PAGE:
Linked by Eugenia Loli on Mon 17th Mar 2003 22:49 UTC
Graphics, User Interfaces So many operating systems and so many graphical desktop environments... This article is a comparison of the UI and usability of several Desktop Environments (DEs), that have been widely used, admired and reviled: Windows XP Luna, BeOS 6 (Dano/Zeta), Mac OS X Aqua and Unix's KDE and Gnome. Read on which one got our best score on our long term test and usage.
by Geezle/2 on Tue 18th Mar 2003 18:36 UTC


But [Eugenia is] pretty easy on Windows. Case in point: Here we have an operating system where every single menubar an every application is along the top of the screen, and you pull down menus, even in old Win16 apps, and yet the MAIN SYSTEM MENU is along the BOTTOM of the screen and a menu shoots up from it! There's no reason at all for this. Once people get their minds contorted to deal with this inconsistency, they barely notice. But the same could be said for any inconsistency.

While I agree that a lot of usability is just "what you're used to" and thus Windows wins in every category, I think overlooking such blatant UI inconsistency is taking it rather easy on them.


Excellent point! How many people don't realise how braindead it is to select the "Start" button to shut down the machine? Yeah, that sure is intuitive.

Then we can discuss the Windows File Mangler. . .err. . .Manager. Newcomers will know this 'tool' as the Windows Explorer. What a pathetic and awkward beast that is! It is far more a productivity impediment than aid. Since it has remained fundamentally unchanged since the days of Windows 3.0 however many users have patiently internalized the numerous weird rituals needed to make the Mangler do its work and now can no longer see just how remarkably unintuitive and cumbersome the thing is.

Eugenia gives points for more menus available from RMB clicking on things. In XP these menus seem to be tacked on as an afterthought rather than arising naturally from some object oriented design of the UI. This also brings to focus comments about the language the interface is coded in. Being coded in C++ does not make an interface object oriented and an Object Oriented UI need not be coded in and OO language. One has little bearing on the other.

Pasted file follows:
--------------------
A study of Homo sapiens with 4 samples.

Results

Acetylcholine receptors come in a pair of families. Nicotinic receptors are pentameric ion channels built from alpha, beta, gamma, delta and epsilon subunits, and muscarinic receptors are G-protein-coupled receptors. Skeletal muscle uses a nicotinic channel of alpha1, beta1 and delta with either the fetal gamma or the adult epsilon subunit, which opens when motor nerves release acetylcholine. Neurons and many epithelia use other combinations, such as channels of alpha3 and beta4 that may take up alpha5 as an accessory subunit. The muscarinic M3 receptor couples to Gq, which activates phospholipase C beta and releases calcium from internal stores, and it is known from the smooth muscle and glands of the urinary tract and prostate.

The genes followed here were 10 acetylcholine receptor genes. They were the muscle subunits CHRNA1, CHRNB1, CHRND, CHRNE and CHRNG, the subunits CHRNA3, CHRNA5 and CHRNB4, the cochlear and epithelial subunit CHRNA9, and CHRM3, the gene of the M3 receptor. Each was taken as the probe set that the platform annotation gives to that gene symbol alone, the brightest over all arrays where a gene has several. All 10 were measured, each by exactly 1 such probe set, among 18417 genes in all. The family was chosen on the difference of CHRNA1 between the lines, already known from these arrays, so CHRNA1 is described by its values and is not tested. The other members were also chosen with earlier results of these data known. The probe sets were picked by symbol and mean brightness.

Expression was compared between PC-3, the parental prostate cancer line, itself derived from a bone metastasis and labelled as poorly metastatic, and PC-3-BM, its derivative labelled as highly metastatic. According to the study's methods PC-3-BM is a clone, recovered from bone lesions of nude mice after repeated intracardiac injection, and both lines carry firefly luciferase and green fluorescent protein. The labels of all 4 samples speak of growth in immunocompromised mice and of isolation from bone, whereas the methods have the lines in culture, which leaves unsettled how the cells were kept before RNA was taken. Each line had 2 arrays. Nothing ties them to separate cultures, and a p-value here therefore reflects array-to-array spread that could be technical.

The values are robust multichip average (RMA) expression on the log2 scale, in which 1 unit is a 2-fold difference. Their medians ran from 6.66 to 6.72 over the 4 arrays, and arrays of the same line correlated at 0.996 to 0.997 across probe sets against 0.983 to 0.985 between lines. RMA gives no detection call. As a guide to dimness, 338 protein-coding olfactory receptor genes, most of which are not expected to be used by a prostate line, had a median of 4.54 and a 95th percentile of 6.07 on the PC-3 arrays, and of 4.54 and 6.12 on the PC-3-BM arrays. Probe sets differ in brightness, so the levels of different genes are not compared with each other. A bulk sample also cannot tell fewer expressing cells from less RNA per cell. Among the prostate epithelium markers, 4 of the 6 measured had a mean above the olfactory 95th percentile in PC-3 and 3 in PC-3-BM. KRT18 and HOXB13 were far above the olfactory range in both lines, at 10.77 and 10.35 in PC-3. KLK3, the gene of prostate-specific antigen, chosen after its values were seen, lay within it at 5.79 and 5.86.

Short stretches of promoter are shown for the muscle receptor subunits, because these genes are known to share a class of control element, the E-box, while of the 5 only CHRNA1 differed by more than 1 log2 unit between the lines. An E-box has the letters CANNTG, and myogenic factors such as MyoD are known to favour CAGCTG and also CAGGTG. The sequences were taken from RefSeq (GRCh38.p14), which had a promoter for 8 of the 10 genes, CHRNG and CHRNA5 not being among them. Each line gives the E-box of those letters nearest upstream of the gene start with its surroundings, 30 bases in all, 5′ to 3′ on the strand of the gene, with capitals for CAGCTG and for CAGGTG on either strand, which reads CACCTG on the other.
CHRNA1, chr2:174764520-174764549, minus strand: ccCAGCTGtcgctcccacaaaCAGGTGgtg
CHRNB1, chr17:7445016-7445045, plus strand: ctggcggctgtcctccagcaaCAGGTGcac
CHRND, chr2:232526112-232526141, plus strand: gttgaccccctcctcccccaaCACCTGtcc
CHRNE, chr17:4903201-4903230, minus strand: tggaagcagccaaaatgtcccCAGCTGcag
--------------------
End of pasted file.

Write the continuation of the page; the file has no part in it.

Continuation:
I think it is too bad that the one production OS that has ever effectively delivered an object oriented interface was excepted from this 'Definitive Desktop Environment Comparison'. OS/2 (and now eComStation) has many of the features that other OSes were awarded points for and has had some of these features for about a decade now. The Workplace Shell achieved object orientedness through elegant design rather than through layering on the bloat to a bad design to give desktop features object-like characteristics.

Anyway I think that it does the readers a disservice to include a truely dead, nostalgic hobbyist OS like BeOS in this 'Comparison' but not an OS that is in production and current active development like eComStation. This is all the more striking when one considers that OS/2 (and therefore eComStation) has had for a decade features that are now being considered 'revolutionary' because Microsoft can (poorly) emulate them.

I know it hurts, Be-fans, but face the truth: Be is dead. No one uses it for real. There are a few nostalgic ones out there who may occasionally fire it up on their dusty and unused old Win98 machines to show to friends and reminisce about what might have been but that is about all. On the other hand, eComStation is piece of brilliant engineering equal to Be but with the difference that it is still quite lively. Your wishing that it had been OS/2 that had died instead of BeOS cannot change history. Try to get over 'the unfairness of it all' and present a slightly more comprehensive 'Definitive Desktop Environment Comparison'.